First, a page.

For WCBM's Stan 'The Fan,' all bets are offThe call came...

RADIO-TV

October 30, 1992|By RAY FRAGER

For WCBM's Stan 'The Fan,' all bets are off

The call came late at night. The caller to Stan "The Fan" Charles' radio talk show, phoning from work, wanted Charles to tell him that the Atlanta Braves, one loss away from World Series elimination, still could win the title.

This wasn't some hard-core National League fan or America-first baseball backer. There was a hint of desperation over the phone. The caller seemed to be seeking reassurance from a voice on the radio. He wanted to hear that he wasn't going to lose his $500 bet.

Just remember, Charles told him, don't bet more than you can afford to lose. From the man's voice, you got the feeling that $500 was a lot more than he could afford to lose.

I've heard that voice before. It belongs to the guy who calls the newspaper's sports department at 2 a.m. because he must have those West Coast scores now. Or to the fellow who really needs to know when something is going to appear in the Daily Racing Form, but can't afford to make a long-distance call to the Form's offices in New Jersey.

Charles, host of the "Baltimore Sports Exchange" on WCBM (680 AM), should be familiar with those voices, too. It wasn't so long ago that he was one of them.

Before he began his radio career, Charles, 40, went through several stages of a gambling career.

"I never lost big money," Charles said this week. "I was never threatened with getting my hands broken. But I lost money, and it was all I was doing and all that I was thinking about."

Charles started young.

"I was about 13 years old when I started going to the racetrack on Saturdays," he said. "I started looking forward to Saturdays an awful lot."

Saturdays were such a kick that Charles expanded into weekdays. Never mind that those also were school days.

"I was cutting school to go to the racetrack," said Charles, who recalled missing classes about once a week at Northwestern High for trips to Pimlico.

"When you were 15, you'd dress up in a sport coat and smoke Tiparillos. You never had a problem betting. It was when you'd win that you'd light up the Tiparillos to look older."

Was he betting much?

"Whatever it was, it was more than I could afford to lose, because I was never a hard-working, industrious kid."

And for a kid who didn't want to work hard, the attractions of gambling crystallized one day on the tote board.

"I used to work for my Uncle Will at his chicken stall at Broadway Market," Charles said. "I would work for him on Saturdays for $3 or $4 an hour. . . . Immediately, I'd be out at Pimlico trying to turn that $10 or $12 into $50 or $60.

"One day, I hit a quinella for $770. Suddenly, I looked at $12 for eight hours of work vs. $770 for two minutes."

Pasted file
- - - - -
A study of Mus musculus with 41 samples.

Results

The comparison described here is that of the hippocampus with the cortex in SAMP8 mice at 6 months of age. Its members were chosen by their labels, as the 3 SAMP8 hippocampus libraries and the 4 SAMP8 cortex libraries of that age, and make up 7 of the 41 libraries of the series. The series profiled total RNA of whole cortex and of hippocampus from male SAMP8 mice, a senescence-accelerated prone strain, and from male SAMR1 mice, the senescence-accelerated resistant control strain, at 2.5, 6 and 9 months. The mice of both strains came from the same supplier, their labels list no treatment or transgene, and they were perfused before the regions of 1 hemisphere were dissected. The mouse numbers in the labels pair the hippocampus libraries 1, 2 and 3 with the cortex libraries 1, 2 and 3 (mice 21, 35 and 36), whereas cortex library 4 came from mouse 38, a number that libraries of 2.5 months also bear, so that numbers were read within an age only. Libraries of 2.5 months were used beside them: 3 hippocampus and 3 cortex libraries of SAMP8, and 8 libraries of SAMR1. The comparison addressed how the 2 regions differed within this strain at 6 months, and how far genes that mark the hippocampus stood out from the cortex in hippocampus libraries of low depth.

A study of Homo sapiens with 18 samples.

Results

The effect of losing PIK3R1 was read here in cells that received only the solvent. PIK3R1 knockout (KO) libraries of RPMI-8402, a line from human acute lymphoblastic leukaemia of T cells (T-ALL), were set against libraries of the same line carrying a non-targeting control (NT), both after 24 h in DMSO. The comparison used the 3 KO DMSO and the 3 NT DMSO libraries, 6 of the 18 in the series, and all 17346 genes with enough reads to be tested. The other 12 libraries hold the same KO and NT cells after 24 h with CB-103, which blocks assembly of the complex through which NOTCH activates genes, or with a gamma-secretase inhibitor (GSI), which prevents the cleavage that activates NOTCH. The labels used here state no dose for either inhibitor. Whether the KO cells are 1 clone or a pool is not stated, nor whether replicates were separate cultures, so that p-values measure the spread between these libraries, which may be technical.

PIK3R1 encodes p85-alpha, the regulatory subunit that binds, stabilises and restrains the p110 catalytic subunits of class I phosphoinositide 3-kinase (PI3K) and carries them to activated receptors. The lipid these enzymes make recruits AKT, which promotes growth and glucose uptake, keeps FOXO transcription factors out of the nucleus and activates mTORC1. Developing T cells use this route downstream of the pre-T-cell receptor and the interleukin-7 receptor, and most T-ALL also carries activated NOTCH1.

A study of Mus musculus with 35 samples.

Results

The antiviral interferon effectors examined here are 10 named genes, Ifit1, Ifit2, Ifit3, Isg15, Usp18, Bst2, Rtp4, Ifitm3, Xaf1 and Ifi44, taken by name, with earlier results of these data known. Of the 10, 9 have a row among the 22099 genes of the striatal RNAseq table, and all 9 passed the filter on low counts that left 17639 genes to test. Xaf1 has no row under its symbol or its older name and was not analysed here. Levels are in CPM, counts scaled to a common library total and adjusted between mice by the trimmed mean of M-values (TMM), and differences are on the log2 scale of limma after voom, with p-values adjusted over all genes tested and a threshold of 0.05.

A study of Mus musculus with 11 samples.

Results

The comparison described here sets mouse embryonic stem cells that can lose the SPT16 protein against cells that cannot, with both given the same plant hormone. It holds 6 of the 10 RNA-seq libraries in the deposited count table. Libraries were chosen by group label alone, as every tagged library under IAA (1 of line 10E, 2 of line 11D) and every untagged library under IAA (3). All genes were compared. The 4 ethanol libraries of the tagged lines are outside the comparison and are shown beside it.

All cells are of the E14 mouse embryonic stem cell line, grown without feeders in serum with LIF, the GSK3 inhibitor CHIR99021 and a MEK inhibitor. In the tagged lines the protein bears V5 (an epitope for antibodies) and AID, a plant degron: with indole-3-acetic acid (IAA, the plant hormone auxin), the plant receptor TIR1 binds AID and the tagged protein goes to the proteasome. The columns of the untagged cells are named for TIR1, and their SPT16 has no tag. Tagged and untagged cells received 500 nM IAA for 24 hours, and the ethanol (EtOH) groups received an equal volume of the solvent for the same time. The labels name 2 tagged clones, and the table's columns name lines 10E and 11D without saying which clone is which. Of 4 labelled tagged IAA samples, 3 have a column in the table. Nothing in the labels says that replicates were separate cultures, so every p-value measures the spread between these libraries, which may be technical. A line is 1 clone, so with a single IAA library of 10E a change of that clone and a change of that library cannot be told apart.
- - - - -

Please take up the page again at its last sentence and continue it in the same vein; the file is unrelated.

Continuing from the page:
That Charles turned around and lost about $500 of his quinella-gotten gains within a week or two didn't matter so much. He was hooked.

Several years later, Charles expanded his horizons. While working as a parking attendant at the Pimlico Hotel, he met a guy who sounds as if he were straight out of "Diner" -- Nookie the Bookie.

"It was the first time I really met a bookmaker," Charles said. "I startedbetting baseball every day."

Charles started off pretty hot -- "I won 18 of my first 20 games" -- and was beginning to get quite full of himself.

"I said, 'This is a real piece of cake. This is how I'm going to make my living.' "

But Nookie did make his living through gambling, and he began steering Charles toward bets on games he was less likely to win.

"The next thing I know, I'm on a losing streak that never did stop," Charles said.

The bad streak didn't cure him, though. A few years later, when Charles was about 26, he found himself fired from a bartending job but suddenly in possession of about $1,500 from a prosperous Preakness Day.

"I'm out of work. . . . That's when I said, 'This is it. I'm really going to try to make a living betting baseball. I spent two months betting baseball, and I got killed.

"I felt like I didn't have much power over my life or an ability to make money. It's pretty mundane to make $3 or $4 an hour plus tips at a bar when you can go to the track or play blackjack."

It might have been mundane to hold a job, but Charles came to realize that maybe mundane isn't so bad.

"It took a toll on me," he said. "I never felt clean, relaxed. It was always running through my veins. It was like a drug. It charges you up.

"I remember going to movies and taking a transistor radio and trying to watch a movie while I'm living and dying by these plays."

Still, Charles wasn't done. About three years before he began his broadcasting career in 1983, there was an initial flash of success at an Atlantic City blackjack table that led to a series of casino trips -- and $5,000 contributed to the New Jersey gaming industry.

That was that, Charles decided.

"I was working harder. I wanted to hold on to my money. Gambling gives you a rush, then it makes you feel like dirt."